Early on October 29, with Superstorm Sandy threatening high winds and flooding, the largest cities on the East Coast began to shut down in preparation for the natural disaster.

For Meghan Schilt, CMP, however, the show would go on. The Apax Partners events manager was in the final stages of planning for a conference for 100 attendees that was to take place October 30 to 31 in New York City. Weather forecasts grew increasingly ominous the week before, so Schilt began making backup plans with her vendors—but her internal clients insisted on holding the meeting.

“I worked all weekend to get name badges printed, double check details, and get all of the materials I would need to the hotel on Sunday, in case the weather was too bad on Monday to get to the office,” Schilt said.

Under Pressure

On Monday morning, October 29, public transportation around New York was shut down ahead of the storm and all flights into the city were canceled. Schilt met with her production company to rework the conference setup using only the hotel’s furniture, in case the rental furniture trucks were unable to make it to Manhattan. She also called the venue to make sure they had backup generators and enough food to serve 30 to 50 people if the conference went on as planned.

While the hotel and its staff were prepared, many of the production items Schilt was relying on from outside the venue never arrived, including the set, some of the audiovisual equipment, and all of the rentals. Canceling the meeting started to seem like a good idea.

“This was the first time I had to deal with a situation like this and I felt the pressure of trying to decide on the best course of action, not knowing how bad it would be. But by Monday afternoon it was clear that this was not going to blow over.” When she called her client at 1 p.m. that day, the decision had been made: The event was canceled.

Weathering the Storm

By late Monday, Sandy crept closer to landfall and Schilt was still anxious over lingering concerns. Would traveling attendees and hotel staff be safe? Assuming everyone did make it there safely, what would the experience be like? What if, after all this, the storm turned out to be nothing?

“I was worried about everything. This was months of planning, a ton of details with many moving parts and ever-changing conditions,” Schilt said. “I think event planners have an instinctive nature to think about all the possible worst outcomes, prepare for them, and hope that it doesn’t happen—but remain calm no matter what.”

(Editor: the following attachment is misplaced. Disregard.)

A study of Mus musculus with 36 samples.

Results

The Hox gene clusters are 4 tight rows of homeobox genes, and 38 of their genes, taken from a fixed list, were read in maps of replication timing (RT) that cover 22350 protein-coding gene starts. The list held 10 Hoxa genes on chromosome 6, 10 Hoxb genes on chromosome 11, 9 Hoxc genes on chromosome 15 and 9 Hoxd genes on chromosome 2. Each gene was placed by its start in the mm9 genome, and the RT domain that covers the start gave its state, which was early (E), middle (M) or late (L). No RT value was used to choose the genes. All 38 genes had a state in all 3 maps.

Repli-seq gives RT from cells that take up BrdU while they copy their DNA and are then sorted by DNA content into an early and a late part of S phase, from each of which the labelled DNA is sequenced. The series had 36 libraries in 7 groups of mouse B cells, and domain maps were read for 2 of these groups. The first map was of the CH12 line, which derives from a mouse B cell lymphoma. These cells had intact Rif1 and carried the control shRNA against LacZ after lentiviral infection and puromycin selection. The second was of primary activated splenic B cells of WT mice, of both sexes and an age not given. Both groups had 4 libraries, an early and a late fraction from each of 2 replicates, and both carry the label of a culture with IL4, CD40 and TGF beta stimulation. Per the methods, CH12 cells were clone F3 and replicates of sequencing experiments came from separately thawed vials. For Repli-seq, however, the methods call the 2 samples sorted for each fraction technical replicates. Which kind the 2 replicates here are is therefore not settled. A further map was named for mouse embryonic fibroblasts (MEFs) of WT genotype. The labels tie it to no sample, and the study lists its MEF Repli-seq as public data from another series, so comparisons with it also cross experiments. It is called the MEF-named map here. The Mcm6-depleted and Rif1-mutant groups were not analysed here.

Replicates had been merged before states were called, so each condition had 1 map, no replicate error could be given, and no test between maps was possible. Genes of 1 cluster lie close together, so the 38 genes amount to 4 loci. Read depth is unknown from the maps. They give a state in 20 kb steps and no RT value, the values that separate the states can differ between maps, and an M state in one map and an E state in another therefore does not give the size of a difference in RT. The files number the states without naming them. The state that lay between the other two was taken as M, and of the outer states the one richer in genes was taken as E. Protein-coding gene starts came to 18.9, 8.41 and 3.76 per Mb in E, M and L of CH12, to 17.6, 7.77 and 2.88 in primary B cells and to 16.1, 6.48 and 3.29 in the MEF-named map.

While the storm whipped through Manhattan, Schilt reached out to her attendees, coworkers, vendors, and production team via email to notify them of the cancellation. She also kept in touch with the two restaurants that were to host the dinners. For the 10 or so attendees who had arrived in New York prior to the storm, Schilt ultimately managed to bring them together for dinner on Oct. 31.

The Cost of Cancellation

Almost everyone involved with the meeting agreed to waive all charges, including the hotel, AV and rental companies, and both restaurants. Schilt’s team is planning to reschedule for spring 2013, and those same vendors have already agreed to apply any deposits to the future meeting.

Canceling this meeting also tested Schilt’s relationships with her vendors.“If it was not for the great relationships that I have with them, I’m sure the outcome would have been different,” she said. “This business is based on relationships, and they are worth more than any legal clause in any contract.”

Of course, there were still losses: Apax had to pay full price for floral arrangements that had already been delivered, linens that had already been shipped, and any printed materials. Looking back on the experience, though, “I think we are extremely fortunate,” Schilt said.

“It’s kind of amazing that more than six months of work was undone in about 48 hours,” she said. “But in comparison to people who lost their homes and are freezing tonight, it’s a small price to pay.”